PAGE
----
Choosing the right trading vehicle is an important consideration when starting a business.
Limited companies and sole trader businesses have both benefits and drawbacks and a decision is likely to be made after deciding which of these positives and negatives carry higher weighting for the individual concerned.
Some of the prominent differences between the two types of business entity are described in the following table below.
Most UK companies have limited liability which protects the owner’s personal exposure from the debts which the business might incur.
In the event that the company is unable to meet its obligations, the shareholders could not be called up on to pay monies from the own assets
Sole traders enjoy no such protections. Any debts which the business can not satisfy must be borne by the owner even if this means that they have to sell their personal belongings.
Companies are often viewed as more tax efficient trading vehicles particularly in situations where less than all of the income is paid to the owners.
This is common where the business might retain some profits in order to buy stock or other assets for the future.
Where this occurs, the owner of the company is taxed only on the amount they receive from the company.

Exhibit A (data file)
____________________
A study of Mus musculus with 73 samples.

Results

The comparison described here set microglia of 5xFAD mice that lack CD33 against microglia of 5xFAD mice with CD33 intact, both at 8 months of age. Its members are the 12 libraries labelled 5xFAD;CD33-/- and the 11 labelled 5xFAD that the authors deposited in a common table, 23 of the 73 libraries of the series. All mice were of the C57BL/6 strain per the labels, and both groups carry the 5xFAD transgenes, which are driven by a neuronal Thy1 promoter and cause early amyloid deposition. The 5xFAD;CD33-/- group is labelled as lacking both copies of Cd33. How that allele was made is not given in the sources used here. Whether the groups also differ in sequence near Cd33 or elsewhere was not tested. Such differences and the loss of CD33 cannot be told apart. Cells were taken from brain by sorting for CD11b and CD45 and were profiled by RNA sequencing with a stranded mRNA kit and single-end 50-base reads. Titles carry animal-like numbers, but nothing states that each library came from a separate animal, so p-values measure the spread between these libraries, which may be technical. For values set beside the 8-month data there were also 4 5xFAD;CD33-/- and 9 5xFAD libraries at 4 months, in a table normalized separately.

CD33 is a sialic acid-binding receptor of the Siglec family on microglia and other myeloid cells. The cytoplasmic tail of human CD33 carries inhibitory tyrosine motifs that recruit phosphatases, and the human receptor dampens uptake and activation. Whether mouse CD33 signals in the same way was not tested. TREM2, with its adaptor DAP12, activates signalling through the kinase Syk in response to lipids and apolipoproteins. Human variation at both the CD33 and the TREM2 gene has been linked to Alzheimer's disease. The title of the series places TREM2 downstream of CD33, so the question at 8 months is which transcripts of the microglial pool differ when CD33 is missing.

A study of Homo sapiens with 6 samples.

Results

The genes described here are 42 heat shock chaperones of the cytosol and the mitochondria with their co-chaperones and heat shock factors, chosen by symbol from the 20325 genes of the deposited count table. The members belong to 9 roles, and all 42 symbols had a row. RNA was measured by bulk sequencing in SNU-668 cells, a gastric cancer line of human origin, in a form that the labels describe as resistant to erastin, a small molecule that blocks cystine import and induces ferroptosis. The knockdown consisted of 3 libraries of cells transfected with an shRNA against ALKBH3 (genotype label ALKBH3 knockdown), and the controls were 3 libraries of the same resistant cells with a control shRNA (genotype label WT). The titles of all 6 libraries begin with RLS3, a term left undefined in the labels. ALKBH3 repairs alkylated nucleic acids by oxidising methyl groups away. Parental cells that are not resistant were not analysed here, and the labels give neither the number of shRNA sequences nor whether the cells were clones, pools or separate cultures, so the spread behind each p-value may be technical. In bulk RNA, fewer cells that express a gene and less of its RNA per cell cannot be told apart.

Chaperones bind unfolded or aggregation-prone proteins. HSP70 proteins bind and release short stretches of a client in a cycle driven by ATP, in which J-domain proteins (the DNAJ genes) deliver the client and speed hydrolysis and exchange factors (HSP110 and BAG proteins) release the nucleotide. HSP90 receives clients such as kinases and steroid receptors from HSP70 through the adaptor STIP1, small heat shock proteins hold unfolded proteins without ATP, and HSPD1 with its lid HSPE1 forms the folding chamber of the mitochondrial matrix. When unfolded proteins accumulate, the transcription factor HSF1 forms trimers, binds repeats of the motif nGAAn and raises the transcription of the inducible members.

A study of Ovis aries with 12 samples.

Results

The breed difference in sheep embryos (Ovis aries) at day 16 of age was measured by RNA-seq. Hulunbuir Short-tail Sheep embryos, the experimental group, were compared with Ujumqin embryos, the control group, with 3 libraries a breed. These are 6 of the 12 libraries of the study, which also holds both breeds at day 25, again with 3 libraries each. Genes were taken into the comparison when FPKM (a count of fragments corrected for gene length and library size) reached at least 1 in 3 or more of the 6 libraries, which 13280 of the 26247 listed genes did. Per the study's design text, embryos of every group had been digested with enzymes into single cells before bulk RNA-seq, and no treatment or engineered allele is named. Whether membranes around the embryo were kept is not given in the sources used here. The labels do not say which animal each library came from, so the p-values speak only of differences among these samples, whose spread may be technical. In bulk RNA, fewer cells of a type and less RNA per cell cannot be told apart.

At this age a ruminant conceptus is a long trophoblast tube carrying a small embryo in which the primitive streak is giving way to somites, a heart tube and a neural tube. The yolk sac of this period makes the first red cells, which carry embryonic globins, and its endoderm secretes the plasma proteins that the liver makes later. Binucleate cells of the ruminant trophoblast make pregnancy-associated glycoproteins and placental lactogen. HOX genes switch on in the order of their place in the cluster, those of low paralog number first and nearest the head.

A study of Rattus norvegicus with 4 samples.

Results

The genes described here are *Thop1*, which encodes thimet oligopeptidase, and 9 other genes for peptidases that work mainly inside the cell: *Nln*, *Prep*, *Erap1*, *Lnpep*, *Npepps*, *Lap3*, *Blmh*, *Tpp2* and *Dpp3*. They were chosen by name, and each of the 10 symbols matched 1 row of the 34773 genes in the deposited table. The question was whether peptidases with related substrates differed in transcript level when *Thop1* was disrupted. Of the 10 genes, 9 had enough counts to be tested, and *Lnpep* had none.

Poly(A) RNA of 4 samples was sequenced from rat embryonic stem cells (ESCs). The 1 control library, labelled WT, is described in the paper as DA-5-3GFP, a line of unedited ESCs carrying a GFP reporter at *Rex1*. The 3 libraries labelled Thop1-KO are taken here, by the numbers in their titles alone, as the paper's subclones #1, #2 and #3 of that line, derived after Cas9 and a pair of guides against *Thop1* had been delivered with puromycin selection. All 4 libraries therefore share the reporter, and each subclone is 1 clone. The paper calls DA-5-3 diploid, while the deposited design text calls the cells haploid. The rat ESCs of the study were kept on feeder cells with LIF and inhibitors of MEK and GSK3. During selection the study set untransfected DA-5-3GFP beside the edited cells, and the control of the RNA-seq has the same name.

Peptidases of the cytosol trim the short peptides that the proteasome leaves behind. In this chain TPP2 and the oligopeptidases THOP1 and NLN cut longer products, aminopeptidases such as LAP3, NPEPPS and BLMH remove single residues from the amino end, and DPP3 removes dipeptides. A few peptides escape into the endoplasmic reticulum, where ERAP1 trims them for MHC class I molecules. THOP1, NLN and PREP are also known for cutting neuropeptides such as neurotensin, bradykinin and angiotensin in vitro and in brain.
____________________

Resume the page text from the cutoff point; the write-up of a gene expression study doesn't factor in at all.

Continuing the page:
In the case of sole traders, they are taxed on the full amount of the business’ profit irrespective or whether any was actually paid to the owners.
Thus they could potentially receive a high tax charge even though they received little or no salary from the business.
The death or retirement of a shareholder does not affect the existence or life of the company.
Where a sole trader dies or retires, the business is deemed to have ceased and therefore does not have the same continuity as companies.
Flexibility of Transfer
Shares in a limited company can be transferred relatively easily by the completion of a stock transfer form or a SH01 Form (formerly 88(2)) document.
Transferring part or all of a sole trader business is likely to involve solicitors in order to define the stake which is being relinquished.
Degrees of Formality
Limited companies have an inherently higher degree or formality attached to them.
In additional to registering at Companies House, they are also bound by the requirements to prepare and submit an annual return and yearly accounts.
These provisions are applicable even if the company remains dormant throughout its life.
Sole traders are not bound by the requirements to prepare formalised accounts or complete an annual return.